Dissent: The History of an American Idea, Ralph Young
Ralph Young tells the story of America through the voice of its dissenters. Young argues that dissent is a salient feature of the American mind-set. From early seventeenth-century Puritanism to the Occupy movement and the Tea Party, those who question the establishment and oppose its zeitgeist have always had their share in the making of American history.
One of the great merits of Young’s book is his nuanced perspective on events and people that are often reduced to clich'es in our collective memory. We tend to think of dissenters as villains or heroes, but the color palette of reality is richer, and history is too complex to allow ourselves to stuff our minds with stereotypes about the past. In telling the story of Puritan dissenters, for example, Young tackles the stereotype of Puritans as “upright spoilsports” (p. 18).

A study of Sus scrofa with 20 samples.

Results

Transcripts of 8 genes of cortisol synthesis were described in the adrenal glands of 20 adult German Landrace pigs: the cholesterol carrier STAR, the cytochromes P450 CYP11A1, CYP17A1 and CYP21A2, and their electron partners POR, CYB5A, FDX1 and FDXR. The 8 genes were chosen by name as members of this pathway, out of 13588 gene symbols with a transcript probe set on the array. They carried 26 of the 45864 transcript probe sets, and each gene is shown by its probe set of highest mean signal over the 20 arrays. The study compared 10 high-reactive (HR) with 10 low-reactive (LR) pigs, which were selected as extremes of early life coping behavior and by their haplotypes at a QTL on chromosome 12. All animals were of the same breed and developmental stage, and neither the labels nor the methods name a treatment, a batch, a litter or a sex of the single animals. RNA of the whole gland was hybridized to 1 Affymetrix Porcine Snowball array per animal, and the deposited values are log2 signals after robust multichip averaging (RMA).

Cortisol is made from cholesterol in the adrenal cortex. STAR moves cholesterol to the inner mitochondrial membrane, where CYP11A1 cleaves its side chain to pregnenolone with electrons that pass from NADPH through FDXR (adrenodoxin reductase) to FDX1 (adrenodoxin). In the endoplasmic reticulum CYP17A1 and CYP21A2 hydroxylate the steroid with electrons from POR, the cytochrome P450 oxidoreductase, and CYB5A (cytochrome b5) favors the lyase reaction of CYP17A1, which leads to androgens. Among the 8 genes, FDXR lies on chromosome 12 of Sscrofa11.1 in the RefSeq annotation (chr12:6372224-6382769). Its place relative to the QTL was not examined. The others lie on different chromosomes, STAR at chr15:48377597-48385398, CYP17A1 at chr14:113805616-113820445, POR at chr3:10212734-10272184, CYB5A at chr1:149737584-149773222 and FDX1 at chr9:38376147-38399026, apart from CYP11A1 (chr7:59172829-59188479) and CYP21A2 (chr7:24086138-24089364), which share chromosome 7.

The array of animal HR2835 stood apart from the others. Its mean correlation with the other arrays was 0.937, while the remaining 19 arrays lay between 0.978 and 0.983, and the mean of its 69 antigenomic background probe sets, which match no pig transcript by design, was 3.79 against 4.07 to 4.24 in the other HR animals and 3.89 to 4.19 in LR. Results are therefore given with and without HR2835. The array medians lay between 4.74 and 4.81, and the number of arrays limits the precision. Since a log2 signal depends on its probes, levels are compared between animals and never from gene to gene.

Young’s expertise—for more than a decade, he taught a course on the topic at Temple University, and he previously authored a compilation of primary documents covering 400 years of American dissent—shows on each page. Each of the 23 chapters of his book is informative and a pleasure to read, although conceptually, some things remain vague. What exactly is dissent? And why is it an American idea?
Dissent is, basically, “going against the grain” (p. 3), and t
To continue reading, see options above.
Join the Academy of Political Science and automatically receive Political Science Quarterly.
Ukraine, Russia, and the West
Publishing since 1886, PSQ is the most widely read and accessible scholarly journal with distinguished contributors such as: Lisa Anderson, Robert A. Dahl, Samuel P. Huntington, Robert Jervis, Joseph S. Nye, Jr., Theda Skocpol, Woodrow Wilsonview additional issues
Articles | Book reviews
PERSPECTIVES ON PRESIDENTIAL ELECTIONS, 1992–2020
The Academy of Political Science, promotes objective, scholarly analyses of political, social, and economic issues. Through its conferences and publications APS provides analysis and insight into both domestic and foreign policy issues.
With neither an ideological nor a partisan bias, PSQ looks at facts and analyzes data objectively to help readers understand what is really going on in national and world affairs.